Commemoration in Douala, Cameroon on May 15, 2014, of three LGBT people who died because of homophobia: Eric Lembembe, Alim Mongoche, and Roger Mbede.
Alim Mongoche—one of the “Yaoundé 11” who were imprisoned in Cameroon on sodomy charges in 2005—died of AIDS complications at age 30 on June 23, 2006, ten days after he was released from Kondengui Central Prison. Alim was an inspiring human rights and LGBT activist and a popular clothing designer and tailor.
According to an Amnesty International report dated July 7, 2006, “the detainees were arrested at a nightclub in Yaoundé by gendarmes on 22 May 2005, along with two other boys who were subsequently freed. They were initially detained at Nlongka detention centre in Yaoundé, and transferred in June 2005 to Kondengui Central Prison. They were tried on charges of practising homosexuality, which is a criminal offence under Section 347a of the Cameroonian Penal Code.”
“The Two of the detainees—François Ayissi and Marc Lambert Zanga—were acquitted and released on 13 June 2006. The remaining seven, including Alim Mongoche and a 17-year-old youth, were found guilty of practising homosexuality and sentenced to 10 months’ imprisonment. However, they were all released soon after the trial because they had already spent more than 10 months in prison.”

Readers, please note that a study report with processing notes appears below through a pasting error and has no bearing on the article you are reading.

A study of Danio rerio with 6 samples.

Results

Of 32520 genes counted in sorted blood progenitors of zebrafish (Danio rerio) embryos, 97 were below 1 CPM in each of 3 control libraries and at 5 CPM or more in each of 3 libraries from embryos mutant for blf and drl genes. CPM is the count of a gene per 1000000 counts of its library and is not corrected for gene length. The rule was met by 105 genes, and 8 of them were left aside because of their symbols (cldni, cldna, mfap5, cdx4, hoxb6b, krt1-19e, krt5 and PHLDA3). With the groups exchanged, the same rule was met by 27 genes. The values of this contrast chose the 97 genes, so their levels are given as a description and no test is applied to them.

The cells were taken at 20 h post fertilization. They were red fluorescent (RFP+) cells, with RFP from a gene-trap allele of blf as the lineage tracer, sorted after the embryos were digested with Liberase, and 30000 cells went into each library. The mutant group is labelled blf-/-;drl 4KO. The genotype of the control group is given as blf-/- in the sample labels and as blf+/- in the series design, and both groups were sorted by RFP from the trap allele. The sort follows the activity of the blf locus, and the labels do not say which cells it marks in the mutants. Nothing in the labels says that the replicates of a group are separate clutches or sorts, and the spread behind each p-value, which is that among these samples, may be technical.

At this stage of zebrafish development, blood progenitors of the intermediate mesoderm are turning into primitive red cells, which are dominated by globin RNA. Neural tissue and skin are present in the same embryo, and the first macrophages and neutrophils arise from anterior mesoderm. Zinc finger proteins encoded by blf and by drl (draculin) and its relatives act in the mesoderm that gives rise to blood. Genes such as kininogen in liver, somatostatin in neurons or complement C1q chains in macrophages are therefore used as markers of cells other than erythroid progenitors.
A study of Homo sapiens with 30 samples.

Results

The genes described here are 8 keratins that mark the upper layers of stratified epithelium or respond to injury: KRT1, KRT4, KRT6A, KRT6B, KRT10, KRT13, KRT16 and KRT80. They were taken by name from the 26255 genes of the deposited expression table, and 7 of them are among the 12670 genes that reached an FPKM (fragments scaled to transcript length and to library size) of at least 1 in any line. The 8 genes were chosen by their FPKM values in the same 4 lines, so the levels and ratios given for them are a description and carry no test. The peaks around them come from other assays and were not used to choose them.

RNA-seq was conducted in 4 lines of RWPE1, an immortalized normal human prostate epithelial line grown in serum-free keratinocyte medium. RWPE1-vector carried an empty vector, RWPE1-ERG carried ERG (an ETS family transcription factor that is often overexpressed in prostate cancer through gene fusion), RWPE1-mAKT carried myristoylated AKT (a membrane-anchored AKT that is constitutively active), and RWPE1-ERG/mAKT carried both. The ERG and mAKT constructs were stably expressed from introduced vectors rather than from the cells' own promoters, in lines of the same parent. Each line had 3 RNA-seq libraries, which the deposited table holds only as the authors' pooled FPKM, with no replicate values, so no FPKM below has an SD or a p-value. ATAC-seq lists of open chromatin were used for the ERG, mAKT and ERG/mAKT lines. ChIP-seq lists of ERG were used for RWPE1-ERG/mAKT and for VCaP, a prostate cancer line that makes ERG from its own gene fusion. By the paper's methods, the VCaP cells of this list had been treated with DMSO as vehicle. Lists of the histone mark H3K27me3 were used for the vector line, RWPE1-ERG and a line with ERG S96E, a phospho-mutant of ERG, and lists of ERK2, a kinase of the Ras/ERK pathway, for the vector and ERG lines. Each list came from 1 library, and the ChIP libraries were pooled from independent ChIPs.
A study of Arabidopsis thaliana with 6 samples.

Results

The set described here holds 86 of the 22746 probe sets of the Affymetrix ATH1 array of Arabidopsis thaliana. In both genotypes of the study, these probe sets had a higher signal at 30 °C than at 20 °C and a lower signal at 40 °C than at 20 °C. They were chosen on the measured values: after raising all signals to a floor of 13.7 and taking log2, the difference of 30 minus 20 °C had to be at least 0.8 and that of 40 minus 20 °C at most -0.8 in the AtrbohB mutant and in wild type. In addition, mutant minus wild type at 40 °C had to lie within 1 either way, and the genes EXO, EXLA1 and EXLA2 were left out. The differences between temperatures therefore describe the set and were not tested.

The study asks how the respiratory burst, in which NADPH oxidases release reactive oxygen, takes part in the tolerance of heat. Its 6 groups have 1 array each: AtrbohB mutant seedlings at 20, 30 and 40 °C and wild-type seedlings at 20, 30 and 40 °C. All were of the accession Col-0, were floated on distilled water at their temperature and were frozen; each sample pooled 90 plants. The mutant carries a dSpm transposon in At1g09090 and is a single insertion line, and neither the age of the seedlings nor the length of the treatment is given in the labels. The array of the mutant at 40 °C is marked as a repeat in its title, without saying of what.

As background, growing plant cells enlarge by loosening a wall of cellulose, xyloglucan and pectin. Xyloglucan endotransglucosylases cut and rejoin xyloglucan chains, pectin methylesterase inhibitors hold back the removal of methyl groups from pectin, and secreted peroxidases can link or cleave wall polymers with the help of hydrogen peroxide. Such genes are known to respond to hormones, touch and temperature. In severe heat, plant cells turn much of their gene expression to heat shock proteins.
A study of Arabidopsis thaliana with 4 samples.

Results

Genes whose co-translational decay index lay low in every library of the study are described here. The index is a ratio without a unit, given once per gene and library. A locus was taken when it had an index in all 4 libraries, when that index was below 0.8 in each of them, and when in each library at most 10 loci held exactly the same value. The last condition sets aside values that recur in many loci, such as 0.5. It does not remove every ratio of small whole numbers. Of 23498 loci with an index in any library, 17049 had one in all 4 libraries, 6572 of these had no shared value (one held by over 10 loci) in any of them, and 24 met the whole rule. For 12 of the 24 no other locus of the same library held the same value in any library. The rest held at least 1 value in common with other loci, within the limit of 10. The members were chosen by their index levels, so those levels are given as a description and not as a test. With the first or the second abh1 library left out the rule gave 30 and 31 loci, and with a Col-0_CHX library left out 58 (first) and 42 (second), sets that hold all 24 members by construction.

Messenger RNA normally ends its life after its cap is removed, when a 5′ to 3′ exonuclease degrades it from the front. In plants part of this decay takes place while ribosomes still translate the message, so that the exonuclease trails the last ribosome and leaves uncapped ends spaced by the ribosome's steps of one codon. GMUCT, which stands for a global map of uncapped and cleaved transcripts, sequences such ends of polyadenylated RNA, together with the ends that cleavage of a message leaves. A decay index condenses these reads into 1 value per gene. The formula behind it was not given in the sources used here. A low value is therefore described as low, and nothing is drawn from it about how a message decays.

Amnesty International goes on to report: “The detainees had been held in harsh conditions at Kondengui Prison, which is said to be overcrowded and unsanitary, and the prison diet is reportedly inadequate. Amnesty International had previously called on the authorities to ensure that the detainees were allowed access to medical attention. However, despite the poor health of Alim Mongoche and the appeals from international and local organizations, the authorities refused to permit his early release.”
According to an irinnews.org report on October 5, 2006, fellow inmate Marc Lambert Zanga took care of Alim until his death at the Central Hospital in Cameroon’s capital. He confirmed that some of them had been assaulted and raped in their cells, including Alim, who was sexually assaulted at least twice and discovered his HIV-positive status only after he fell ill and was tested in prison. “Two months before we were released, I took him to the infirmary,” he recalled at the time. “But the medical conditions were appalling: the few medicines available had mostly expired and if you don’t have money, nothing happens—they don’t look after you. You just wait.”
Eleven years after Alim’s death, punishment for homosexual activities in Cameroon have not eased. Same-sex activity remains illegal, with penalties that include prison time and even vigilante deaths.
We remember Alim Mongoche for his bravery and sacrifices in defiance of injustice and in spite of the human rights violations committed against him and others in Cameroon.